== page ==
Nutrition Researchers Say It’s the Doctors Who Are Fooling Themselves – Are They?
“We have to be cautious not to use the n-of-1 experience or even the n-of-1000 experience in clinical practice as evidence itself, because that gets us back to the days of anecdotal clinical experience and we have learned that anecdotal clinical experience is… its the worst kind of observational epidemiology, right?”
Dariush Mozaffarian, then Dean of the Tufts University Friedman School of Nutrition Science and Policy, speaking on a panel, June 15, 2018
I’ll bite. Should we really dismiss the observations of health practitioners working directly with their patients as the worst kind of observational epidemiology? Is it?
Before getting to an answer, here’s the context: Mozaffarian is among the most influential nutrition authorities in the world. He’s currently director of the Tufts Food as Medicine Institute and a key player trying to induce the federal government to create a National Institute of Nutrition.
The epigraph is a comment he made at a meeting in Zurich, Switzerland, hosted by the BMJ and Swiss Re, the world’s second-largest reinsurance company.
We’re talking about it now, almost six years later, because a British physician named David Unwin recently evoked the meeting in an article published in the journal BMJ Nutrition, Prevention and Health (BMJ NPH). Unwin was at the meeting because he had an experience similar to many of the physicians and healthcare providers who attended.
Unwin had spent his career treating ever more obese and diabetic patients and had seen them only very rarely, if at all, benefit from the conventional diet and lifestyle advice he was giving. Then he changed his approach, motivated initially by the experience of a single patient. Here’s Unwin describing his experience in his BMJ NPH article:
From 1986 until 2012… I handed out `standard advice’ to my patients around weight loss. This included `eat less, move more’, `everything in moderation’ and advice around calorie counting as part of a low-fat diet. It was rarely effective. For 26 years I blamed my patients for their poor results. Like so many doctors in primary care I came to believe it was a poor use of my time giving dietary advice to help people lose weight. It never once occurred to me that my poor advice was the common denominator. This changed suddenly 11 years ago when an angry patient asked me why I had never discussed reducing dietary carbohydrates as a way to lose weight and improve blood sugar. Since then, learning from that patient and many others, our 9900-patient practice has been offering the option of a low carbohydrate diet, particularly to our patients with T2 diabetes and pre-diabetes. We have audited our clinical data and published the results in this journal. We recorded a mean weight loss of over 10% body weight at 3 years.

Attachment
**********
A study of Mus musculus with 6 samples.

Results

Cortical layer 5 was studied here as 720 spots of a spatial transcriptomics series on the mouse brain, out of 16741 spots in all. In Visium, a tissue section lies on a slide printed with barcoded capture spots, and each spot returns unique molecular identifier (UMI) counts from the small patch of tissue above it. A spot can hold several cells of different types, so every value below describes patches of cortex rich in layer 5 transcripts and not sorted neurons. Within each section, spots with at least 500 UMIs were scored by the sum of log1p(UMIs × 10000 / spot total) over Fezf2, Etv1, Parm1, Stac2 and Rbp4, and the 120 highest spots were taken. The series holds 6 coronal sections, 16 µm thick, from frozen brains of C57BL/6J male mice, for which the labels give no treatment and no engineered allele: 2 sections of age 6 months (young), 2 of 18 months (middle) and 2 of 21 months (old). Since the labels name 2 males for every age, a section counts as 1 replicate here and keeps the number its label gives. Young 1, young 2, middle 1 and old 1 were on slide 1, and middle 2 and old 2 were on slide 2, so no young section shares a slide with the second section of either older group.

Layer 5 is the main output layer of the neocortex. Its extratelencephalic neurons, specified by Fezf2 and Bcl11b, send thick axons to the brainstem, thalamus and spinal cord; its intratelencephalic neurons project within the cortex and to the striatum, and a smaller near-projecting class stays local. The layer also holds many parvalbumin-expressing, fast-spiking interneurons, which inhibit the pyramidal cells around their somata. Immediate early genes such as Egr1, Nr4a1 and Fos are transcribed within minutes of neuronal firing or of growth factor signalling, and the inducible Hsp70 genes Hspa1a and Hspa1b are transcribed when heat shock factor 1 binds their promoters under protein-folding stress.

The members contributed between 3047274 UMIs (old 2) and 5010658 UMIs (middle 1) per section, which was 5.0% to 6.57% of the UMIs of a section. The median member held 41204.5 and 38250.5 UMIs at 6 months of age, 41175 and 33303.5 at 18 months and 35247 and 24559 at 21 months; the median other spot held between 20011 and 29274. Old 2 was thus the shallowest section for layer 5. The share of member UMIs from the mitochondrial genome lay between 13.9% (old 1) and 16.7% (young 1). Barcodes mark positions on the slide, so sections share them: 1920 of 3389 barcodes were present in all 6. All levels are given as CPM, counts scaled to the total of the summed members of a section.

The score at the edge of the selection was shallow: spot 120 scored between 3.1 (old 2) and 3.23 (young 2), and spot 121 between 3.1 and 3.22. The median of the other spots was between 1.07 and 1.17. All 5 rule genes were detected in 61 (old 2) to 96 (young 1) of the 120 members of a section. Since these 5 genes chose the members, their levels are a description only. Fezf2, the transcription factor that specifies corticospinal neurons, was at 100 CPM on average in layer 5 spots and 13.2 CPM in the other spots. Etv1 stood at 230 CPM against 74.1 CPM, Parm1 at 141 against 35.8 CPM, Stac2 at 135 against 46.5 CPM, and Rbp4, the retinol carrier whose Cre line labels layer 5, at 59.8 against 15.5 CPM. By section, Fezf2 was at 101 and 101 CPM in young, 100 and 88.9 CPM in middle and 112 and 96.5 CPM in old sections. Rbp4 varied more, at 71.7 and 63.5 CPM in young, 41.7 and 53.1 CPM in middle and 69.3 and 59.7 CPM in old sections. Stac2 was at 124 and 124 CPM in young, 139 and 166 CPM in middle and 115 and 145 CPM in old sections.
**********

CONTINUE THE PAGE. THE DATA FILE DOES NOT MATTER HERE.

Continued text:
At the very end of the two-day Zurich meeting in 2018, Unwin asked Mozaffarian what clinicians like himself could do to improve the science around nutrition. After all, Unwin and his fellow physicians are the ones in the trenches who are obligated to give useful advice to their obese and diabetic patients; they’re the ones who see what works and what doesn’t and the consequences of both the successes and failures. So how can they be involved? In his article, Unwin paraphrased Mozaffarian’s response as “better to leave it to the scientists!”, which I think is a fair representation. You can listen to Unwin’s question here and Mozaffarian’s response and decide for yourself.
The explanation that Mozaffarian offered for the implicit leave-it-to-the-scientists message was the quote I used in the epigraph: “We have to be cautious not to use the n-of-1 experience or even the n-of-1000 experience in clinical practice as evidence itself, because that gets us back to the days of anecdotal clinical experience and we have learned that anecdotal clinical experience is… its the worst kind of observational epidemiology, right?”
So… Is it?
To Mozaffarian’s credit, the question hits the nail of this conflict squarely on the head: the entire history of controversy surrounding dietary therapy for obesity and diabetes has been generated by physicians like Unwin suggesting they know better how to successfully treat their patients than the academics in their Ivy towers. In this history, the physicians have argued for the benefits of carbohydrate restriction, as Unwin does. They have based their belief, as Unwin does, on their n-of-1 to n-of-1000 cases, the very evidence that Mozaffarian rejects as inherently unreliable. Mozaffarian and his fellow authorities in the nutrition world argue that there’s nothing unique about carbohydrate restriction – that a calorie is more or less a calorie -- and believing anything else is delusional. And they base that belief on their interpretation of the evidence from the research that they do – clinical trials and epidemiologic surveys.
Somebody, of course, has to be wrong; someone is misinterpreting what they’re seeing.
Who do we believe? Who’s got the better perspective when it comes to treating patients with obesity and diabetes? Or, given that both doctors and epidemiologists like Mozaffarian are relying on their observations, are the n-of-1 to n-of-1000 cases treated by the physician
, really the worst kind of observational epidemiology, or does that honor go to the kind of research being done by the academics?